UPDATE: A Tribe Called Quest sold shares in their first five albums as an NFT. This is interesting.

We’ve heard far too much about NFTs (non-fungible tokens) this year with people dumping huge amounts of money on digital somethings. Many of these NFT schemes seem like, well, scheme. But this new move by A Tribe Called Quest seems to have a foundation in something concrete.

Today, using a special NFT broker called Royalty Exchange, the groundbreaking hip-hop band is selling a piece of the revenue from their first five albums. For 24 hours, an auction will be held. The starting price for this royalty package was US$35,000 along with 1.5% of the revenues from those albums. This includes “sales, streaming, sync, satellite radio, digital downloads, CD sales, TV/film/commercial placements, samples and more…”

This is a relatively new way of using NFTs and because the auction will be over by this time tomorrow, we should have an idea of the market’s appetite for this sort of thing.

According to reporting by Music Ally, this is an example: Lil Dicky offered a piece of the publishing of his song, “Save Dat Money” for 9.209 Ether (US$23,200 at the time). That one song generated just US$2,634 over the last year. So yeah, it’s risky. Time for some due diligence.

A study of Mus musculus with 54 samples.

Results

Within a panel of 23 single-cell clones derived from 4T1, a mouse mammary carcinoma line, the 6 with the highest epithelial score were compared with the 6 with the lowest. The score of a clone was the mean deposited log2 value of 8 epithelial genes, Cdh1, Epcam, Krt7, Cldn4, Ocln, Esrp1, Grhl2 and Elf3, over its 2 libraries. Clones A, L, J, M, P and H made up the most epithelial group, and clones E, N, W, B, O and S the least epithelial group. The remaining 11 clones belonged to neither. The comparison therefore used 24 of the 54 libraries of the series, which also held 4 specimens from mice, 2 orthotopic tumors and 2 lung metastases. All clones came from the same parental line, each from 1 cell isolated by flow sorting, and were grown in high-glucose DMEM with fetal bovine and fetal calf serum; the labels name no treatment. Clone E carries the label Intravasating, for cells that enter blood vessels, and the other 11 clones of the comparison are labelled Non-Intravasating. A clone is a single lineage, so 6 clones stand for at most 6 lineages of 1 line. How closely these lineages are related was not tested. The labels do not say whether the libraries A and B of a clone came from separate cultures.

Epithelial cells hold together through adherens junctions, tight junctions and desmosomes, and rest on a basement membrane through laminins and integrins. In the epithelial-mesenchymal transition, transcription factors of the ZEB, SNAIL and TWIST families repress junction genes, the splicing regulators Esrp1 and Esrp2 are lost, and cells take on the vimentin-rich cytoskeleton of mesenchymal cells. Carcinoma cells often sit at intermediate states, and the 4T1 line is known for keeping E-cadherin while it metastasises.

UPDATE: The auction is now closed and the NFT sold for 40.191 Ether, which works out to about US$85,000. Music Ally reported the following:

[This is] how much money is being generated by that catalogue. The last 12 months’ royalties are listed as $6,752. That’s for the portion being sold, obviously, which suggests that the overall catalogue generated just over $450k in the last year. “The top income source is sync with 48% of returns in the last 12 months and 40% of all historical earnings,” noted the listing. “Streaming is right behind sync with 32% of last year’s royalties, up 11% year-over-year.” It added that the group’s biggest hit, ‘Can I Kick It?’, accounted for 27% of last year’s royalties, and 17% of earnings to date.

Alan Cross

is an internationally known broadcaster, interviewer, writer, consultant, blogger and speaker. In his 30+ years in the music business, Alan has interviewed the biggest names in rock, from David Bowie and U2 to Pearl Jam and the Foo Fighters. He’s also known as a musicologist and documentarian through programs like The Ongoing History of New Music.